Jan. 9 (Bloomberg) -- Two French citizens killed yesterday in Niger were probably taken hostage by Al-Qaeda in the Islamic Maghreb, or AQMI, according to France’s Defense Ministry.

It “seems probable” that AQMI was involved, Thierry Burkhard, a ministry spokesman, said today by telephone. No one has claimed responsibility for the kidnapping, he said.

The hostages were killed by French fire during a failed rescue attempt, Al-Jazeera reported late yesterday, a claim not backed by the French Defense Ministry, which said there’s no evidence to support the allegation. AQMI, a North African branch of the international terror group al-Qaeda, in September claimed responsibility for abducting five French citizens in Niger.

“The preliminary observations on the scene show that the two were manifestly executed by the terrorists,” Burkhard said today. “Everything we have so far indicated that: the manner in which combat occurred, where our forces were positioned.”

The victims were Antoine de Leocour and Vincent Delory, French Prime Minister Francois Fillon said today. De Leocour, 25, worked for a medical charity in the Central African Republic and had previously worked in Niamey, Niger, Journal du Dimanche reported. Delory, also 25, was a computer engineer at Cap Gemini SA in Toulouse, France, and had gone to Niger to be a witness at Leocour’s wedding, scheduled for Jan. 15, the newspaper said.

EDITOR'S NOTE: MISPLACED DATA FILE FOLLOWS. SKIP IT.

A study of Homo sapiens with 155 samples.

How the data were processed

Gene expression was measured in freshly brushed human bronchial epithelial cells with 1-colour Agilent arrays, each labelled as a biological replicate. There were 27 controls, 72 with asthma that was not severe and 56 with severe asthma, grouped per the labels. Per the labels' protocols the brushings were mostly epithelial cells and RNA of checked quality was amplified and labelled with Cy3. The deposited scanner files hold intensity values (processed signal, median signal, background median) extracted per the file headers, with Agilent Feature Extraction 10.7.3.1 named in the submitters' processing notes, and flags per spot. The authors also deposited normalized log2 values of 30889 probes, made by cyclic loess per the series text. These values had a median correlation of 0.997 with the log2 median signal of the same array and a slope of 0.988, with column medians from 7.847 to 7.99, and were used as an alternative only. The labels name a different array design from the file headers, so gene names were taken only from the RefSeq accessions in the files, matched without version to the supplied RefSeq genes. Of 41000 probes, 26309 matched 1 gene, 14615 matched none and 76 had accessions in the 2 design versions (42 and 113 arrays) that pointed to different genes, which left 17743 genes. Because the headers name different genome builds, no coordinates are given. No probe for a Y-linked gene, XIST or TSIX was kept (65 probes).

‘Barbaric Act’

“It’s the entire country that condemns a barbaric act,” French President Nicolas Sarkozy said in Guadeloupe in comments broadcast on LCI television. France “will never accept the diktat of terrorism.”

Leocour and Delory were abducted from a restaurant in Niamey late on Jan. 7 by armed attackers wearing turbans, witnesses said. The kidnappers later clashed with soldiers in the Tillabery region near the border with Mali, leaving one army officer wounded, regional governor Colonel Mahamadou Ibrahim Bagadoma said on state radio.

Following a second fight near the border, involving a combination of forces from Niger and French soldiers, the two hostages were found dead, French Defense Minister Alain Juppe said in a statement.

Two French soldiers were injured in the clash and “several terrorists” were killed or wounded, Burkhard said.

To contact the reporter on this story: Alan Katz in Paris at akatz5@bloomberg.net.

To contact the editor responsible for this story: Melissa Pozsgay at mpozsgay@bloomberg.net.